Aspirated phonemes may be explained as a voiceless stop (c, k, p, or t, for instance) that is pronounced so forcefully that a distinct puff of air accompanies its utterance.
The aspirated phonemes [c, k, p, t] in Kurmanjí have most likely been borrowed from Armenian. Whether it is a substratum or simply contact-induced phenomenon has not yet been examined. Even many native speakers of the northern Kurdish dialect have major difficulties distinguishing between non-aspirated and aspirated phonemes. Many pioneers in northern Kurdish dialect codification like J. Bedir Xan simply ignored the role of these cases due to variety and non-standard usage of the case among the speakers.
Dr. Michael L. Chyet in his article “Kurmanji Kurdish Lexicography: a Survey and Discussion” in 1997, discuses the difficulties among Kurdish lexographers to establish the correct usage of the aspirated phonemes. Dr. Chyet states that Mr. Baran’s choice as a literate and a native speaker of Northern Kurdish dialect of designation is unfortunate. Had he availed himself more of the works of the Soviet Kurdologists (particularly Bakaev), he would have seen that by marking the non-aspirated member of each pair, he has deviated from established practice, which is to mark the aspirated member. For example, ‘to do’ is generally written kirin (with an unmarked, non-aspirated k), and ‘to buy’ is k’irîn (with an aspirated k which is marked with an apostrophe [k’]). Mr. Baran has reversed this distinction, writing the former as kirin and the latter as k’irîn. For the non-native speaker, much less for the handful of literate Kurmanji speakers, distinguishing between these paired consonants is difficult enough. In switching the system around, Mr. Baran has added another confusing dimension, which is both unnecessary and avoidable.”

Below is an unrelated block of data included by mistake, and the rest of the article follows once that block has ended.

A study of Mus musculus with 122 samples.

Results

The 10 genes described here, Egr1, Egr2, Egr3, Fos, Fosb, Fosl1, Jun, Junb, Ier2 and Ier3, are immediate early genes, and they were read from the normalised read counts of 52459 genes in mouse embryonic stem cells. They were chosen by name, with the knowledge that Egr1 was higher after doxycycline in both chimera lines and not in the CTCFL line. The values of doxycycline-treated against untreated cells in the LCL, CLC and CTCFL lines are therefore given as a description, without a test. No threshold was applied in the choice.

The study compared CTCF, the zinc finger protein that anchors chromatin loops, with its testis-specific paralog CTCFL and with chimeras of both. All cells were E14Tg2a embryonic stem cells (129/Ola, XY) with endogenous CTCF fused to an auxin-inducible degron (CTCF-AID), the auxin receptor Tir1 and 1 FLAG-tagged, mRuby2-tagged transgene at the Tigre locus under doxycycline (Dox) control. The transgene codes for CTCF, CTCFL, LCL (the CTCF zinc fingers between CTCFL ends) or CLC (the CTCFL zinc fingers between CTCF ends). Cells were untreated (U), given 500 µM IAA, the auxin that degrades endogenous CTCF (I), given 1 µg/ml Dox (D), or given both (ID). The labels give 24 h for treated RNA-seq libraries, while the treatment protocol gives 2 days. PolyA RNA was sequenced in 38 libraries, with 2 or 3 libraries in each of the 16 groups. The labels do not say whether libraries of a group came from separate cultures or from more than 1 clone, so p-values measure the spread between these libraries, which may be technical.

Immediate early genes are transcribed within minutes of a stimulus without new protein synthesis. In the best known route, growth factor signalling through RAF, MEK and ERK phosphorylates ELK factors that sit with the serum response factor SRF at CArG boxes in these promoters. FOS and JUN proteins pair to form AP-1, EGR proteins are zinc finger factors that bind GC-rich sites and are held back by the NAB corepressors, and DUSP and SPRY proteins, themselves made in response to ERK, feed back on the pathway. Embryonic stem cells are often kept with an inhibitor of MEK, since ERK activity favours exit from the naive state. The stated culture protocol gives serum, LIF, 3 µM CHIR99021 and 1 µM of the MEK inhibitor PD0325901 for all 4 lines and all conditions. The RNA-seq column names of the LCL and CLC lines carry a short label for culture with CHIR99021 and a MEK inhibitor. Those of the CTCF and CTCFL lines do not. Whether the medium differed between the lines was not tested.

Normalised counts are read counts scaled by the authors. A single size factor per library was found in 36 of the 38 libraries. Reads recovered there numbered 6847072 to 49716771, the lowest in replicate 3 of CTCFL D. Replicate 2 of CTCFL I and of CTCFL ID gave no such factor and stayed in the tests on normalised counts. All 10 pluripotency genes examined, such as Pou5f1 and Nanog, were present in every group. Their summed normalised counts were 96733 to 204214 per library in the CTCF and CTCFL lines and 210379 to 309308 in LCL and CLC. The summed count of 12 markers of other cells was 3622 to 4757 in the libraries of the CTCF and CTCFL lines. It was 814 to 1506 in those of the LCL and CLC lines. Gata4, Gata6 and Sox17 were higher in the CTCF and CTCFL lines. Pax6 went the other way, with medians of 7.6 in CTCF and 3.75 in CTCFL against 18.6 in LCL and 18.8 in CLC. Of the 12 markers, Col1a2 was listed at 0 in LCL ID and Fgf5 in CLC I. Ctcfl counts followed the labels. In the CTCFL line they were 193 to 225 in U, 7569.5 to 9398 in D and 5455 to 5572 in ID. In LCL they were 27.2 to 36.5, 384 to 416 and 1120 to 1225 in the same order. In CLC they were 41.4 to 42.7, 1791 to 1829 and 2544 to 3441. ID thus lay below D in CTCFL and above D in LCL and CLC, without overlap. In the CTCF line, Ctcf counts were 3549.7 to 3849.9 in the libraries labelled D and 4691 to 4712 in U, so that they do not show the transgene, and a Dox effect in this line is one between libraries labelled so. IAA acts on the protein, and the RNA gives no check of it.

Nevertheless, the linguistic Kurdish scholars in former Soviet republics were well aware of these phonemes, because they were used within the Armenian language.
Clearly, to create a universal link among the Kurdish speakers, we need to mask many local nonstandard cases. No ordinary alphabet in the world is “perfectly phonetic,” nor should there be any attempt to create one for Kurdish. To create a “perfectly phonetic” Kurdish alphabet is to clutter it with unnecessary complexity and rigidity that would bring out dialectal differences in the language instead of masking them. We must mask these local differences, not accentuate them, in order to create a common, standard Kurdish alphabet. There will always be a few cases in any language that do not conform to rules set for a simple, but adequate alphabet. Let it be so for Kurdish as well.
However, there is still room for acknowledging these cases in selected publications by choosing local morphological solutions for aspirated phonemes. To add an apostrophe to the aspirated letter will certainly create problems in spell- and grammar -checking computer based software process, but it can be achieved by adding an [h] to aspirated cases where it’s extremely necessary to distinguish between non-aspirated and aspirated cases. For example;
Please note that these unique adaptions signify the character of Kurdish language alphabet system only, and the results shall be treated as a norm for Kurdish, and not other languages in which ph, ch, kh, and th might denote a different sound altogether.